ALI CREW: Australians are again being warned to remain alert to the threat of cybercrime, with more than one incident being reported every 10 minutes. The Federal Government has launched a new cybersecurity campaign today aimed at educating families, businesses and organisations on how to protect themselves from threats, with a campaign to run on social media and digital platforms. Abi Bradshaw is the Head of the Australian Cyber Security Centre. She says they've seen all sorts of new and innovative ways that criminals are trying to get Australians' money and data this year.
ABI BRADSHAW: Regularly we've seen emails phishing or SMS phishing. This is when people will send you links, often pretending to be someone that they know Australians trust, so perhaps on behalf of a bank or a welfare support agency or a government service, and then entice people to click on a link and then provide all sorts of details that might provide access to bank accounts or other data of interest. But also what we've seen this year, and is reflected in our annual threat report, is that ransomware is an increasing avenue utilised by criminals to lock up people's systems and data, and then demand a ransom in return for their release.
ALI CREW: So, with more than one incident reported every 10 minutes, do you have any actual examples of some of those incidents and the impact they've had?
ABI BRADSHAW: Yeah, enormous impacts actually. So regularly we see the impact of fraud, of email business compromised or regularly small businesses, like the ones that the Minister and I sat and had a roundtable with this morning, who are very concerned about the threat of invoice fraud. So cyber criminals who are intercepting emails containing legitimate invoices and adjusting the banking details so that the payment ends up in the criminal's bank account. We've seen that fraud over invoices occurring via cyber means for very large sums of money, sums which can absolutely wipe out businesses. Equally this year we've seen ransomware attacks on reasonably large businesses, as well as small businesses, which can cripple a business while they try and work out how to keep their businesses going, and how to decrypt their systems or access to their customer reference or booking centre or other systems that keep their businesses going.
ALI CREW: So, what is the financial impact of cybercrime in Australia at the moment?
ABI BRADSHAW: Well, it's hard for us to tell to be honest. We've seen, as our report reflects, that over the last 12 months our Reportcyber tool has had 60,000 reports from individuals and businesses across Australia, reporting instances of cybercrime. We've equally - our 24/7 watch team has responded to over 2,200 cybersecurity incidents. That's where we've actually gone in and assisted entities or individuals in mitigating an attack on their system. But we actually think that those numbers are drastically unreported. I actually think that there's far more going on than actually reported and we're encouraging people to come forward and report. The reason we do that is that, aside from the fact that we might be able to assist entities, it enables us to get a better view of contemporaneous threats, so what's going on at the moment, so that we can share that with other Australians and help them to raise their defences before it spreads more broadly. In some industry estimates at the moment suggest that cybersecurity incidents cost Australian businesses up to $29 billion each year.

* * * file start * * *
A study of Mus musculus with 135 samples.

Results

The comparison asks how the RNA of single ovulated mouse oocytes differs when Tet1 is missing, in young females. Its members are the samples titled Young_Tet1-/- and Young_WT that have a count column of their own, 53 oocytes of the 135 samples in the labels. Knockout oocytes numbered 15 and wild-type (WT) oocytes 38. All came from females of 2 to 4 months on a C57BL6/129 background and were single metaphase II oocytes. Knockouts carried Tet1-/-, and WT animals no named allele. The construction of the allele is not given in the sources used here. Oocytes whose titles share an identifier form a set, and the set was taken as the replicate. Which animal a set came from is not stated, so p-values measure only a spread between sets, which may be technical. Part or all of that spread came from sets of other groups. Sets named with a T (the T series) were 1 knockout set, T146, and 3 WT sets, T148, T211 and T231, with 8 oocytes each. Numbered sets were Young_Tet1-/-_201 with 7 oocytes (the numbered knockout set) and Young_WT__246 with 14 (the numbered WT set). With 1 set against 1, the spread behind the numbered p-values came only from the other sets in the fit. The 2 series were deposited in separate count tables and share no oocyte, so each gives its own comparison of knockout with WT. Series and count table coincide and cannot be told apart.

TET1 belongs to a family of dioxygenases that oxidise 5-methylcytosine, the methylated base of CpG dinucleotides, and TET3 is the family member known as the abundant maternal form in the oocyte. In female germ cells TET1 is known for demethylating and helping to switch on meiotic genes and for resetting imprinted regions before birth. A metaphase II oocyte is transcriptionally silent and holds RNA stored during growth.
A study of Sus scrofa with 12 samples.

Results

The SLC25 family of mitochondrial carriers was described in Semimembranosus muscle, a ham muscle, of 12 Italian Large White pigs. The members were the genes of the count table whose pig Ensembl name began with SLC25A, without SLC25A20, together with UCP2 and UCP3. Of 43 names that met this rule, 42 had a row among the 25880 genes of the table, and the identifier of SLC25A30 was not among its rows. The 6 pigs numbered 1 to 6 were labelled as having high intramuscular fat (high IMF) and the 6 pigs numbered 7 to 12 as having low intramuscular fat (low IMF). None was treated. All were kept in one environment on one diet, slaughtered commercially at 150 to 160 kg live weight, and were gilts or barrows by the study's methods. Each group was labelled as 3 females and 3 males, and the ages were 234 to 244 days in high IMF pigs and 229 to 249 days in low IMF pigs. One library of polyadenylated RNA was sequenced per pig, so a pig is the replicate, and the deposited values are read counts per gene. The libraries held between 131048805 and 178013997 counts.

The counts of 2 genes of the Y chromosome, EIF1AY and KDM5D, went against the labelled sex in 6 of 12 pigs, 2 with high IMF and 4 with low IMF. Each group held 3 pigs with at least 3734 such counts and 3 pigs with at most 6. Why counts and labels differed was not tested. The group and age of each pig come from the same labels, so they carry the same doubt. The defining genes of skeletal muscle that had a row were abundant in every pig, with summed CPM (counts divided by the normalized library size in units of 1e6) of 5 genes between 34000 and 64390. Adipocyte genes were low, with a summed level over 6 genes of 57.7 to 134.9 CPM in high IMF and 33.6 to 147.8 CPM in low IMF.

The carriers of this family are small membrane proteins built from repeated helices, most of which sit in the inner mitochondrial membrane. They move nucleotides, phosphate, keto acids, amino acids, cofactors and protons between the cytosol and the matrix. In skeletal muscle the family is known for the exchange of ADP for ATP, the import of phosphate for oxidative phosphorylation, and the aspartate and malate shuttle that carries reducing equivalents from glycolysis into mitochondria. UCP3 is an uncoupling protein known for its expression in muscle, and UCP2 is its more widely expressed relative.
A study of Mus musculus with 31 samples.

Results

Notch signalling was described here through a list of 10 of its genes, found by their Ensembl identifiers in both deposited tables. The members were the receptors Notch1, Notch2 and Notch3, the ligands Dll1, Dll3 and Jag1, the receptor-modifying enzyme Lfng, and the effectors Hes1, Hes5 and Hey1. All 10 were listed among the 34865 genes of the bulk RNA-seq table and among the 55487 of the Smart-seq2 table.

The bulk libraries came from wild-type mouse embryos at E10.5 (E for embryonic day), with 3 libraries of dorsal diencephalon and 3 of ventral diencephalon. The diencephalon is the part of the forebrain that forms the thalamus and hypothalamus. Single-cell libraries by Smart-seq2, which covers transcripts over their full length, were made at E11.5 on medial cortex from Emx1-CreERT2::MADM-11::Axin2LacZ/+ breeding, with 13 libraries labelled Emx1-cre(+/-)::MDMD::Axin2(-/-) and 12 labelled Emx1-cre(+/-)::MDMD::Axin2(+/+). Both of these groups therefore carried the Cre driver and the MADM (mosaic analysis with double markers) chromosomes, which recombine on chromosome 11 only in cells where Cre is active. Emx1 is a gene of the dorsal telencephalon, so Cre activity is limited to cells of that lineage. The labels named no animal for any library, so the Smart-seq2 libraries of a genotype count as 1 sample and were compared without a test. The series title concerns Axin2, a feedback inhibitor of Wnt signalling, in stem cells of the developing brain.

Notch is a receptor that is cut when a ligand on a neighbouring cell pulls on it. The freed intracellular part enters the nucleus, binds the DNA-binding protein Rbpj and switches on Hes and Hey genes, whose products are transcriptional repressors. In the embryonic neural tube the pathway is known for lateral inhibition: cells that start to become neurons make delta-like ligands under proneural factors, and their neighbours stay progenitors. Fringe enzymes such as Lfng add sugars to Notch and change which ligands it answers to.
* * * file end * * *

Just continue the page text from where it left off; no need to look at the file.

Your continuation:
ALI CREW: And, of course, it's not just businesses that are targeted by cyber criminals but also vulnerable people and children as well?
ABI BRADSHAW: In some respects, children and vulnerable people might more easily be duped into entering information in response to one of those emails or SMSs that is pretending to be from a trusted source. Their instincts might not be as highly tuned as others. The other thing is, and this is the point of our campaign, is that children may not well be as attuned to the risk of cybercrime because they might not have been impacted and they're less suspicious and less concerned about engaging and exchanging information in an online environment.
ALI CREW: Given the deteriorating situation with the Australia/China relationship at the moment, how wary should Australians be about Chinese players in cyberspace?
ABI BRADSHAW: Look, we at the ACSC are concerned about a broad range of players. We're equally concerned by cyber criminals as we are state-based actors and our role is to give advice to all Australians, whether you're individuals or businesses, about how to lift your cyber defences. So, in some respects the source of that threat is a distraction. What we're asking people to do through our campaign is to make cybersecurity a normal part of everyday life of being online, and actually doing three simple things. It's going to help protect you from ransomware in the same way as it will protect you from a whole variety of potential threats. So we're asking Australians and businesses, firstly, to update your device, update your software, and that means every time that icon comes on to say a new variety of software update's available, don't push "Remind me later", push "Turn it on now". If you can, put on the automatic updates so you don't even have to think about it. Secondly, to use two-factor authentication wherever you can, particularly if you're a business. Using that two-factor authentication on your mailbox is really important. And lastly, to always create backups of your valuable data and wherever you can, back up that data where it's separate and not connected to the internet, because that's the best business continuity plan you can have.
REPORTER: Some good advice there from Abi Bradshaw, the Head of the Australian Cyber Security Centre.